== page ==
Among the seemingly large clutter of superhero movies in the modern age of cinema and television consumption, ‘The Umbrella Academy’ is in more ways than one, a breath of fresh air, and in more ways than that, strangely reminiscent of more than a few well renowned superhero arcs you have seen translated on-screen before. Think X-Men, which is also evidently the most obvious comparison, with the impressive visual character of ‘Watchmen’ sans the dark tone, and a hint of the violence from ‘Kick Ass’ peppered with generous bouts of situational humour and clever dialogue. The final outcome, a ten episode long superhero TV series about seven sibling misfits with dysfunctional relationships who are brought together due to the death of their adoptive father in a bid to prevent an impending apocalypse, is both a gleefully original product at once owing to its treatment and style, a majorly entertaining one at that, and a vastly familiar narrative with a plethora of familial tensions and resolutions to add stakes to the proceedings.
However, let me assure you that despite the occasional familiar tracks the show appears to be headed in, it’s a sufficiently thought of, well crafted out and polished end product to warrant your attention over its entire run of ten one-hour long episodes. I am appalled at the fact that I had never picked up a comic book with the same title before watching the show, given the immense credibility of Dark Horse comics, and as I move to correct that, we take you through the rather sudden and ambiguous ending of the show. Needless to say, if you are here, you have seen the show and know what the plot is about, but a spoiler alert about the show and the original comics becomes imperative. Read on.
The Finale: The White Violin
Without rewinding too much, we stop the clocks at the beginning of the final episode of the first season. The finale, aptly titled ‘The White Violin’, after the name of Vanya’s destructive alter ego from the comics, begins with a bit of history on the eccentric billionaire recluse, Sir Reginald Hargreeves, nicknamed ‘The Monocle’ in the comics. He is shown as his younger self “long ago”, caring for an ailing loved one, presumably his wife and the original owner of the violin now possessed by Vanya. “Find someone who will love it as much as I have,” she says. An interesting aspect of this scene is that it reveals the location to be anything but Planet Earth, confirming The Monocle’s alien roots according to the comics, as he stares out the window upon the passing of his loved on, numerous rockets leave the dying world and he releases tiny magical pixie like particles from a jar, presumably responsible for the pregnancy of the 43 women that gave birth on the fateful day of 1st October 1989. We later see him arrive in the present world in the show, where he immediately buys a space let out by an umbrella manufacturer, and makes it his home: the same home that would later become the grounds for the Umbrella Academy.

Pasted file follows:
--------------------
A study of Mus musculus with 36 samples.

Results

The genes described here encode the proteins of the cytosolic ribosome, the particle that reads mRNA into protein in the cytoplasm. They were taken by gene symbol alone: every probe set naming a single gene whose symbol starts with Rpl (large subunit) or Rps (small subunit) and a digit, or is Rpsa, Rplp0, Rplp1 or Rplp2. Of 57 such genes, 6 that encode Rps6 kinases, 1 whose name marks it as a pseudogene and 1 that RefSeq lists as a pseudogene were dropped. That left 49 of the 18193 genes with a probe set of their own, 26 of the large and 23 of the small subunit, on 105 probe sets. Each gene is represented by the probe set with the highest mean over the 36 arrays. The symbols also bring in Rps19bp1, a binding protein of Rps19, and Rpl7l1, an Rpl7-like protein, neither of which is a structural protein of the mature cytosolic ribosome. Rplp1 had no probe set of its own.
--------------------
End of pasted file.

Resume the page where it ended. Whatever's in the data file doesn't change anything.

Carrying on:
Back in the present day, Vanya (from the previous episode) is shown to have given in to her darker side as a result of being trapped in the underground bunker by Luther, her rage and despair becoming reasons for her power to manifest, and overcome her incarceration. Vanya, now completely overcome by her malevolent side begins destroying the Academy in rage, killing Pogo upon learning that he’d known the truth about the existence of her powers from the beginning. As the building collapses, the siblings are able to escape but Grace is destroyed with it.